A preliminary injunction is a court order made in the early stages of a lawsuit or petition which prohibits the parties from doing an act in order to preserve the status quo until a pending ruling or outcome. In order to obtain a preliminary injunction, a plaintiff must demonstrate both (1) that it will suffer irreparable harm if the motion is not granted and (2) either (a) a likelihood that it will succeed on the merits of the action or (b) a sufficiently serious question going to the merits at the litigation and the balance of hardships tipping decidedly in plaintiff's favor.
The purpose of a preliminary injunction is to keep the parties, while the suit is pending, as much as possible in the respective positions they occupied when the suit began and to preserve the court's ability to render a meaningful decision after a trial on the merits. The granting of a preliminary injunction is within the equitable discretion of the trial judge. A preliminary injunction should not be issued when there is an adequate remedy at law. Therefore, some courts will order the legal remedy of prejudgment attachment of assets rather than the equitable remedy of a preliminary injunction. Courts typically view equitable remedies as more intrusive than legal remedies both because equitable remedies may order the defendant to engage in affirmative conduct, and because they are enforceable by contempt proceedings, which threaten imprisonment.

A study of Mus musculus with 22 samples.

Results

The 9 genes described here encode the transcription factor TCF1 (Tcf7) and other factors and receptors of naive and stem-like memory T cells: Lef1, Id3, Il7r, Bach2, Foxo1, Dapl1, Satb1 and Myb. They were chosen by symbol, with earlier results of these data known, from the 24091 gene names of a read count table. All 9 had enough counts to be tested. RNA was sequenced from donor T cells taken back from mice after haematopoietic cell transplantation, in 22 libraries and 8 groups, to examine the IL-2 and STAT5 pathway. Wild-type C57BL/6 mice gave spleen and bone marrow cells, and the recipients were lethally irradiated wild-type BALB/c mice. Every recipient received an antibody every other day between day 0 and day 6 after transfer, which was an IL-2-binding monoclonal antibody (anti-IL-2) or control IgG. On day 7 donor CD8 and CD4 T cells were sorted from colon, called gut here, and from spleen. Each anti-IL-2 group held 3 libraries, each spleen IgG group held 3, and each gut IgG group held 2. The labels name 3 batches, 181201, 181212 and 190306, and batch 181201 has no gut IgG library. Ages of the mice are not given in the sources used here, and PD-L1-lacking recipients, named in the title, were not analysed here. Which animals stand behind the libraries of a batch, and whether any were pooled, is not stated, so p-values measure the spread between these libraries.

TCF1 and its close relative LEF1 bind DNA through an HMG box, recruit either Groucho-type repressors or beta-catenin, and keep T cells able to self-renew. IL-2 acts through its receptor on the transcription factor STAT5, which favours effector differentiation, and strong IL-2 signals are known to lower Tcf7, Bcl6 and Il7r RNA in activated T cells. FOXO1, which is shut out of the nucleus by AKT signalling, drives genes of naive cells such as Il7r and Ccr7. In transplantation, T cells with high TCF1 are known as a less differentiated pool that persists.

A court is more likely to grant a preliminary injunction if a public interest can be shown. For example, in trademark infringement actions in which the health or safety of the consumer is at issue, there is a significant public interest and reason for the court to support the issuance of a preliminary injunction.
In a divorce case, a preliminary injunction prevents each spouse from doing certain things that might harm the person, property or legal rights of the other spouse. The purpose of the preliminary injunction is to preserve the status quo until written agreement is reached by the parties or the court has had the opportunity to make fair decisions about these matters.
The preliminary injunction is an official court order that is effective until the divorce case has ended. A preliminary injunction may order, among other things, the following:
- The spouses must not to sell, give away, transfer, borrow against or hide any community property, unless needed for the necessities of life or done in the usual course of a business.
- There is to be no family violence.
- Neither spouse may any children from the state without the written agreement of both spouses or the court’s permission.
- All types of insurance coverage for the spouses and any children must remain effective and that no one may be removed.
A spouse who disobeys the preliminary injunction may be arrested and prosecuted for the crime of interfering with judicial proceedings; that spouse may also be held in contempt of court (punished by fine or jail for violation of a court order).